Green Hydrogen’s Water Problem
US President Joe Biden’s green hydrogen plans have unexpectedly run into issues like they’re Mark Watney stuck on Mars: a water shortage.
Background: Green hydrogen uses electrolysis, a process that takes electricity and splits water into hydrogen and oxygen. Beyond using enough water to rival Aquaman, green hydrogen needs a special type of water known as ultrapure water for the electrolysis.
- For context on ultrapure water, Aquafina uses both advanced filtering and reverse osmosis to achieve ~2 parts per million of total dissolved solids (TDS) for its bottled water. The ultrapure water used for green hydrogen has a TDS of just 50 parts per billion or ~40 times purer.
Depending on how much de-mineralization is needed to make the ultrapure water, each kilogram of green hydrogen needs between 18 and 24 kilograms of water.
The details: Research by Food and Water Watch estimates the United States would require one trillion gallons of water per year to meet the Department of Energy’s 2050 green hydrogen goals.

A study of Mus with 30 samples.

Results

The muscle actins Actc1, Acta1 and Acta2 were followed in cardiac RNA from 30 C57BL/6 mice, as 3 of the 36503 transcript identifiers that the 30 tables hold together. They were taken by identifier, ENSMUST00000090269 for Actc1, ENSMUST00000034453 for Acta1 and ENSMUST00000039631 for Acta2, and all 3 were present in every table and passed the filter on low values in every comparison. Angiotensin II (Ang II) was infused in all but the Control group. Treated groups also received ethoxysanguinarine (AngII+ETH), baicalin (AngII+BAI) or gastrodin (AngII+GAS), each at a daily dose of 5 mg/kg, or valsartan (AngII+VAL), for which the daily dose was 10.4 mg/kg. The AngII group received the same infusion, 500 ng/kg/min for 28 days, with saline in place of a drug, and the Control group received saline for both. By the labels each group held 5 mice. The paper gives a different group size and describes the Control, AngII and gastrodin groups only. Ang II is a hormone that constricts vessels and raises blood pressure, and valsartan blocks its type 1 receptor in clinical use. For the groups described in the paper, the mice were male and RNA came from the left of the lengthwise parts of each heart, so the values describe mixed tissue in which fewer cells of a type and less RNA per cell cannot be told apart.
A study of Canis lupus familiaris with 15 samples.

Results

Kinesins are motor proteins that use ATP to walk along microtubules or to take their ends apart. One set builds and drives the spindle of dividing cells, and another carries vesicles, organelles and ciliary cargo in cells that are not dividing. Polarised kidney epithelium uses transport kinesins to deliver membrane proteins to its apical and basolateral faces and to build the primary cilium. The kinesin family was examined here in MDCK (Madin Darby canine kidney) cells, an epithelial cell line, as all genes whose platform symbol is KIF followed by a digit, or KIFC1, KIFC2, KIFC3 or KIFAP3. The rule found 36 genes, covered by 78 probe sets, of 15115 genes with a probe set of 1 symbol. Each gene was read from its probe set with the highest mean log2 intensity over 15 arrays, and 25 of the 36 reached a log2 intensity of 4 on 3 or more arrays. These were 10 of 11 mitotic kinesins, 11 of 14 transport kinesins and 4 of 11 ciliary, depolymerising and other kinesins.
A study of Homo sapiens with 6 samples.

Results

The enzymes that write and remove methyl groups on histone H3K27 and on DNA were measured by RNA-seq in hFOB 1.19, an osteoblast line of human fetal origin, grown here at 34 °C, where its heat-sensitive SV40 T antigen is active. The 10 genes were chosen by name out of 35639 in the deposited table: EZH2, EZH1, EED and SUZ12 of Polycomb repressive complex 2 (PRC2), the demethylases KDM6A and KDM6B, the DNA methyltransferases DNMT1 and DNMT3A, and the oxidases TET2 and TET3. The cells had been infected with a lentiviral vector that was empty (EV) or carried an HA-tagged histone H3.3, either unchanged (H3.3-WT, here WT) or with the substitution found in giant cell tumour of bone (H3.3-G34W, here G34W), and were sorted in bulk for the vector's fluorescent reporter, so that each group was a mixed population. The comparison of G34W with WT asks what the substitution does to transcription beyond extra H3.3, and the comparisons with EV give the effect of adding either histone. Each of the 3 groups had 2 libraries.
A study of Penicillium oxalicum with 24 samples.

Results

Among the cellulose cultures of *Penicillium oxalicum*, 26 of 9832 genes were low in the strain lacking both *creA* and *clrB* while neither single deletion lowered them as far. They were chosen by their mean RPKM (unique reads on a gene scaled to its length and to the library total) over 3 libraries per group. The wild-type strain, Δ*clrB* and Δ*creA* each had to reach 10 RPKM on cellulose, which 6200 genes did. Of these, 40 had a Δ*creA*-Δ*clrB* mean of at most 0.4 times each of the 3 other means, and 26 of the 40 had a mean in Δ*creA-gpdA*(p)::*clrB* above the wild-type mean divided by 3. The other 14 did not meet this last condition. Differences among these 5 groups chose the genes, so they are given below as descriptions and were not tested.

- While ‘one trillion gallons’ sounds like a lot, it’s roughly 1 percent of the country’s current freshwater use.
The bigger issue: Many of the best places to generate renewable energy are the worst for water. According to Reuters, nine of the 33 green hydrogen hubs in the US that have been shortlisted for approval are in water-stressed regions.
Texas energy hub Corpus Christi would need millions of gallons of water for its hydrogen hubs but is currently facing a multi-year drought. The projects could install very expensive desalination plants to use seawater, but the proposed plants are being protested by environmental groups for threatening water ecosystems.
- “It makes no sense to create a purported clean energy source that in turn destroys an entire ecosystem, threatens other economies reliant upon a healthy bay system, and usurps the water supply for residents,” wrote the Coastal Alliance to Protect the Environment.
Zoom out: There is no such thing as a free lunch when it comes to decarbonization. Deserts are often the best place for cheap and abundant solar power, but the worst for the water needed to make green hydrogen.